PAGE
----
Live: Witch Mountain Bring A Little Too Much Polish To Saint Vitus

Saint Vitus
Friday, June 8

Better than: Kittie? Maybe?

In theory, Witch Mountain—whose heavy, bluesy fuzz is fronted by the expressive, theatrical Uta Plotkin—should work. But on Friday night at Saint Vitus, Plotkin and her band could only convey a lack of depth, giving the impression that over the past 15 years Witch Mountain still hasn't gelled into something stronger than an act whose novelty is based on the gender of its lead singer.

The highest notes sung by Plotkin, who joined the Portland outfit when it regrouped after a seven-year hiatus in 2009, soar far above the band's uninteresting, plodding riffs. She is supremely talented, but there's a lack of grit that makes her seem almost too perfect to be convincing as siren of darkness; her angst-ridden lyrics become even less believable when delivered between smiles. Worse, she could barely be heard on all but her topmost notes, as the band played so loudly that they overpowered their star performer.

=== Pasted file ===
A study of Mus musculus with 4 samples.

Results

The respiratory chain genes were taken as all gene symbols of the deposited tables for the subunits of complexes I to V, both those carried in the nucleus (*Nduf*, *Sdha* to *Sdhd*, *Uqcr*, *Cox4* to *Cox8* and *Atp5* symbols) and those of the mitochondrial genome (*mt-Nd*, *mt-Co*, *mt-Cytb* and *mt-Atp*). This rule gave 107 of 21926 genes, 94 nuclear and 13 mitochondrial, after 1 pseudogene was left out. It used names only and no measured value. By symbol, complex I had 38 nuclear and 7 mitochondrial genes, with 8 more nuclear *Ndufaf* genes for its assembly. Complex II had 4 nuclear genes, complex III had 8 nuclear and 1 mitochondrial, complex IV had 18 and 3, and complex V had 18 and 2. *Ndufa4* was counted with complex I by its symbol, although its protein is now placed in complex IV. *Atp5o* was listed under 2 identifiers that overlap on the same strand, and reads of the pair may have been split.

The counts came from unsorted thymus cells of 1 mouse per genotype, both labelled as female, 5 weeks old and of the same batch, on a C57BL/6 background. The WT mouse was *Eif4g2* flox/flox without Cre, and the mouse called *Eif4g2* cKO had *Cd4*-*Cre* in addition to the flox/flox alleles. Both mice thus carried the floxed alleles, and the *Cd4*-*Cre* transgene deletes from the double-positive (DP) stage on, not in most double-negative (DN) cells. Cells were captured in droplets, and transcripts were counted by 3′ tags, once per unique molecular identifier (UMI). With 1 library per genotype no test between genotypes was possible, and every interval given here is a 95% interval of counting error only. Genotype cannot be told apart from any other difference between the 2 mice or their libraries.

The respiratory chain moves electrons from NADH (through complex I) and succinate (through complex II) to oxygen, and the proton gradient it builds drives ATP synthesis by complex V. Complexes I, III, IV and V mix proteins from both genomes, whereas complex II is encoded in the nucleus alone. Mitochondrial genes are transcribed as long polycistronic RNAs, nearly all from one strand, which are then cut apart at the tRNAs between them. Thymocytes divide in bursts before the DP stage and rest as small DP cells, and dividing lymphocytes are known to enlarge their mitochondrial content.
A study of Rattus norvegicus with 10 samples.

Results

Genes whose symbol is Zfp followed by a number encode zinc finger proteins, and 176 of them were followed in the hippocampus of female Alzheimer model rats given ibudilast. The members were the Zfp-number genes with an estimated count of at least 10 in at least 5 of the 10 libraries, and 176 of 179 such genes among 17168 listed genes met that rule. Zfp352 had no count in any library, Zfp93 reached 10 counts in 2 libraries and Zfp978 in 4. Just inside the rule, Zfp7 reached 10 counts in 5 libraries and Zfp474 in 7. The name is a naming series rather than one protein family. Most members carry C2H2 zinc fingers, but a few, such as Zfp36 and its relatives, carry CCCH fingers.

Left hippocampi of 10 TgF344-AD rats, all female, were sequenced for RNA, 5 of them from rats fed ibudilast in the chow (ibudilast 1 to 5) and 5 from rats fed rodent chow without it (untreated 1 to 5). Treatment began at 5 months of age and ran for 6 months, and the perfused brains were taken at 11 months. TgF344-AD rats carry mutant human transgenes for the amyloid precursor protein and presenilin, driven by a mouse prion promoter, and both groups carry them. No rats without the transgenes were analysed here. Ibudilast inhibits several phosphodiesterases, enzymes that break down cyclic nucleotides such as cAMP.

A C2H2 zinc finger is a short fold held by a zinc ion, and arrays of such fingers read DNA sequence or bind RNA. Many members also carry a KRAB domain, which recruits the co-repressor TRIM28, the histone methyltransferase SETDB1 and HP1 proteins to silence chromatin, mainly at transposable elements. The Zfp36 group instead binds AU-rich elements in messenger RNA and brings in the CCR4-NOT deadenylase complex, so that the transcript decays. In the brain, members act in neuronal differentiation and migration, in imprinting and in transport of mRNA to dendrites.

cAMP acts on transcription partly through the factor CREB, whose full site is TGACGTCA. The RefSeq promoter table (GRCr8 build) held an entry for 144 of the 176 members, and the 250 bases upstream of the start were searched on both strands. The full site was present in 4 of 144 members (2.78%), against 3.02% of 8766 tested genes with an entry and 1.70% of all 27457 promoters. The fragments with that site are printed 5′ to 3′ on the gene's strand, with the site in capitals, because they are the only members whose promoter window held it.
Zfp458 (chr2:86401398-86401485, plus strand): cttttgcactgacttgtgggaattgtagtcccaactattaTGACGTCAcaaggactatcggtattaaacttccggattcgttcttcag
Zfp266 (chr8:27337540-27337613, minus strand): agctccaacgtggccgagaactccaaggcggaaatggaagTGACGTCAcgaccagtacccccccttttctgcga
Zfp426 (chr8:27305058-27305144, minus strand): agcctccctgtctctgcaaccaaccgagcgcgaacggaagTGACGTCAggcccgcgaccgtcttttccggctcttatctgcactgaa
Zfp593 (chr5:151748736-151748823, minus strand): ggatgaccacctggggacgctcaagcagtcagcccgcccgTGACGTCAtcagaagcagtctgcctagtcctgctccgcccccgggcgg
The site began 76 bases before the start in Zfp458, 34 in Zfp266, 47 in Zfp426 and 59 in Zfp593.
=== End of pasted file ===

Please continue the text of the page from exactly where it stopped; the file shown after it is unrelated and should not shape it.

Public Assembly
Thursday, March 1

Better than: Seeing what new lows The Office has sunk to.

A few things you should know about Pilgrim before we even get started. The band members are named The Wizard, Count Elric the Soothsayer and, perhaps most awesomely, Krolg Splinterfist, Slayer of Man. Their debut album Misery Wizard—two words so pleasing to both the tongue and the ear they're essentially the heavy metal "cellar door"—clocks in at 55 minutes, despite the fact that it contains only six songs. And, above all else, Pilgrim play doom metal, a style that's been around since the 1970s but, with the increased profile of bands like Pallbearer, Mournful Congregation and Loss, it wouldn't be too surprising if, in 2012, doom supplants black metal in the hipster ipsum. In a way, it would be a kind of perfect symmetry—to the wrong audience, both genres can be off-putting in exactly opposite ways. Black metal is blitzkrieg rhythms and pit-of-hell vocals; doom is detuned and zombie slow and topped with long, anguished, almost defiantly melodic vocals. Or, to put it another way: black metal is a searing hot poker slashed across an exposed cornea. Doom is a long, slow skinny dip in a vat of bubbling tar.